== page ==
I consider the Electronic Frontier Foundation to be the most important defender of freedom online. They led the fight against warrantless wiretapping, and they’re far and away the most important organization defending fair use in an age of ever-expanding copyright protection. One of the things that I’ve especially admired about the organization is that they’ve carefully maintained their focus on the defense of civil liberties. For example, they remained neutral during the network neutrality fight, neither endorsing regulations nor opposing them. This ensured that both wings of the EFF donor base—the progressives and the libertarians—felt comfortable donating. Had they taken a position on network neutrality, they would have divided their donor base and thereby reduced their effectiveness at their core mission of defending civil liberties online.
In 2006, I chided them for jumping on the anti-AOL bandwagon when AOL introduced its “GoodMail” plan giving priority access to its customers’ inboxes to those who paid for the privilege. Whatever the merits of the GoodMail plan (personally I wouldn’t have wanted it on my email account), AOL was a private company in a competitive market, and AOL’s email policies just weren’t a civil liberties issue. As a EFF contributor, I was concerned that money I had expected would go to defend civil liberties was instead being diverted to other causes.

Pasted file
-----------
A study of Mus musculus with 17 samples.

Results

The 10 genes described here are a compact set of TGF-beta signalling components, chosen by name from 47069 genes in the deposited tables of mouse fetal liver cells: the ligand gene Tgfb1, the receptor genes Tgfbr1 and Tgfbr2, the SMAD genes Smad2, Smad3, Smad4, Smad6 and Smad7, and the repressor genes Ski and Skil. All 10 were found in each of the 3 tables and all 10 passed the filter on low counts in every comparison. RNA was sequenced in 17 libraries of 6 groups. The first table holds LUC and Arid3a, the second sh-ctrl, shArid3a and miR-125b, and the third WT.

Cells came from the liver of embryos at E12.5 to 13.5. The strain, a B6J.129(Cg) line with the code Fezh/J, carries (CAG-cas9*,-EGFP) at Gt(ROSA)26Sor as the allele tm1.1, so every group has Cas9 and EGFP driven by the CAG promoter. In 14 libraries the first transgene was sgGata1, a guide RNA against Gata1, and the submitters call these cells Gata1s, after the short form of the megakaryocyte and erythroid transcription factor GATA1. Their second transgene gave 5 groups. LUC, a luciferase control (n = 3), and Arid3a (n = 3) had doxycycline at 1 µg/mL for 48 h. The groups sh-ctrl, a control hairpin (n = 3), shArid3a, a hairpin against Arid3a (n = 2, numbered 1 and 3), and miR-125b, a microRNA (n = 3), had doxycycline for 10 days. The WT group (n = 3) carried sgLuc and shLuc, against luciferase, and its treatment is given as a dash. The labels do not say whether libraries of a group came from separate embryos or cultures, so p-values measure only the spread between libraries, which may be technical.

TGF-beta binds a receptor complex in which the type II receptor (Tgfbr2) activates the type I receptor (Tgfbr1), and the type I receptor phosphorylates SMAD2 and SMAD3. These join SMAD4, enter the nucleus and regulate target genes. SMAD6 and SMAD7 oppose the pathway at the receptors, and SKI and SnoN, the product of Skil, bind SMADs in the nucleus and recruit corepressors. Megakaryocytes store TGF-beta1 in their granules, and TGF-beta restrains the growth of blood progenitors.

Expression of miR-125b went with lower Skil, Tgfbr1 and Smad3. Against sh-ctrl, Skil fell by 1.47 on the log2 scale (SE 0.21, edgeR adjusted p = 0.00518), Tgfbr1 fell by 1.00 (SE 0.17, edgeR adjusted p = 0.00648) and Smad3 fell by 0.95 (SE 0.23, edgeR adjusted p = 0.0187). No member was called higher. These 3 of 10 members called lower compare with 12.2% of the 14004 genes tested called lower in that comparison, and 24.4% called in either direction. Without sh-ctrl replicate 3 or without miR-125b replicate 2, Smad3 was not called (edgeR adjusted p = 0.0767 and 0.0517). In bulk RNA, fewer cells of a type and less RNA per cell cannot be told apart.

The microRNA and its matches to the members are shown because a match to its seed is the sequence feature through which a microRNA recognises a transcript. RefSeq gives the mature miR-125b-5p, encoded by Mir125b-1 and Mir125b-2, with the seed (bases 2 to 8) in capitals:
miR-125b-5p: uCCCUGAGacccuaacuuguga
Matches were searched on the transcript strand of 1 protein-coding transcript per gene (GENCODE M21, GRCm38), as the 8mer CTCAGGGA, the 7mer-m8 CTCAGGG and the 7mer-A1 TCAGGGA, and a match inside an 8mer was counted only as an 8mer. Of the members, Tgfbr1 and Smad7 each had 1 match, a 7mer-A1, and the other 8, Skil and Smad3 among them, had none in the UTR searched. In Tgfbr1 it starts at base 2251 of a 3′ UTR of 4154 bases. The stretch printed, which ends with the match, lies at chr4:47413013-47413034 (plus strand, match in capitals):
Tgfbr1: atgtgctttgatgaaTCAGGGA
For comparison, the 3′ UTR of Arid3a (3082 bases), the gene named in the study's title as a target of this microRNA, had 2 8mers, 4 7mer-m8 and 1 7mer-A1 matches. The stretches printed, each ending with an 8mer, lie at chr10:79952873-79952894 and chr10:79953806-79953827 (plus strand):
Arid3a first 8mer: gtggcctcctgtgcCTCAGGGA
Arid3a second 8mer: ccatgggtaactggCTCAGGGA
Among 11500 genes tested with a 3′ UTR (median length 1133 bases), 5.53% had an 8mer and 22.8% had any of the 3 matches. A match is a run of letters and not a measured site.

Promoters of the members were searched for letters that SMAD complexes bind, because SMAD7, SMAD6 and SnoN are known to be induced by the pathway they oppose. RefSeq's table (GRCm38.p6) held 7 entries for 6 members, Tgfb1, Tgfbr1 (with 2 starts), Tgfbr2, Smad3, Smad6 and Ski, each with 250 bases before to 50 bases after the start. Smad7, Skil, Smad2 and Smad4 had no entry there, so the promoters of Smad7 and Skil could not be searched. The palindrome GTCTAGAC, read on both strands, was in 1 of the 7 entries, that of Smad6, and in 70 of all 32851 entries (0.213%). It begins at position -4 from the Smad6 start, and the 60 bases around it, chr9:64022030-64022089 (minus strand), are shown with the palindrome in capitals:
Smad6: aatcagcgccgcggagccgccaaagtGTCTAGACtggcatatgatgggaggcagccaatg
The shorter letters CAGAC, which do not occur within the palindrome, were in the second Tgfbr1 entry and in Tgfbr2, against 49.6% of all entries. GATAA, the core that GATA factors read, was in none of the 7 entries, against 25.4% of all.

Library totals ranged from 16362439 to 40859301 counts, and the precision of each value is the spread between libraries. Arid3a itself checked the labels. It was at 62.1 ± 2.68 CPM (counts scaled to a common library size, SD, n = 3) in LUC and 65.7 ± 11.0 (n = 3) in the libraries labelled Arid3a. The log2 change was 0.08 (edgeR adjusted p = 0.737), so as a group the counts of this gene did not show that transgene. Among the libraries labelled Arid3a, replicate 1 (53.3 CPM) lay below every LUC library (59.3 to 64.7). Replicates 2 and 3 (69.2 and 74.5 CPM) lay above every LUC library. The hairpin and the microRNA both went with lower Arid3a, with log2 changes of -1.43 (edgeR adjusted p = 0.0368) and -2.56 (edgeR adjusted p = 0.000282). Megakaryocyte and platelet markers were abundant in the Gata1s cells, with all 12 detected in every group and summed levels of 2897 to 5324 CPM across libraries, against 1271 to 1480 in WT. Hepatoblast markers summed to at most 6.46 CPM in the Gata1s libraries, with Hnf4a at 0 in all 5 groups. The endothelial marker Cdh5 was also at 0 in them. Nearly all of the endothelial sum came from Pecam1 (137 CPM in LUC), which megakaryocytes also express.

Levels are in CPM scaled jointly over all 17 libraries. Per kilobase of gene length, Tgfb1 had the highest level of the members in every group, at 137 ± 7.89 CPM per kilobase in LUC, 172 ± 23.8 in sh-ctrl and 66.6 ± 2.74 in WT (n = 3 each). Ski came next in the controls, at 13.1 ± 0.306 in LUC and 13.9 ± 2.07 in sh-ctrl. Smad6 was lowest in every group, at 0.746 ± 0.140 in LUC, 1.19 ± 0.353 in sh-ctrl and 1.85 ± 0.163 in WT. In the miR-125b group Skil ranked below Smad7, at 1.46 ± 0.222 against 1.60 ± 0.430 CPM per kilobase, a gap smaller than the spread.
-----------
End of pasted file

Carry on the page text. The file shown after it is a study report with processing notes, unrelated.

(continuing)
Over at the Technology Liberation Front, Adam Thierer points to an even more egregious departure by EFF from its civil liberties mission. EFF has apparently signed on to a coalition seeking new regulations of data collection for use in targeted advertising. Now, this isn’t an issue I’ve given a ton of thought to, so I don’t have a strong opinion on the subject. Berin Szoka has been doing some good work on the subject, and I’m inclined to agree with his conclusion that regulating behavioral advertising is certainly premature and probably counterproductive.
But the more important point, in my view, is that this is the first time I can remember that EFF has called for more government regulation of wholly private transactions. Even if regulating behavioral advertising were good public policy, it strikes me as inappropriate for EFF to be lobbying for it. They’re a civil liberties organization; people expect their donations to go toward fighting government restrictions on peoples’ freedom. If EFF abandons their traditional message discipline and begins indiscriminately backing causes its staff happens to support, it’s going to make many potential EFF donors, including this one, think twice about donating. I hope this campaign proves to be a one-time occurrence and not the start of a broader trend.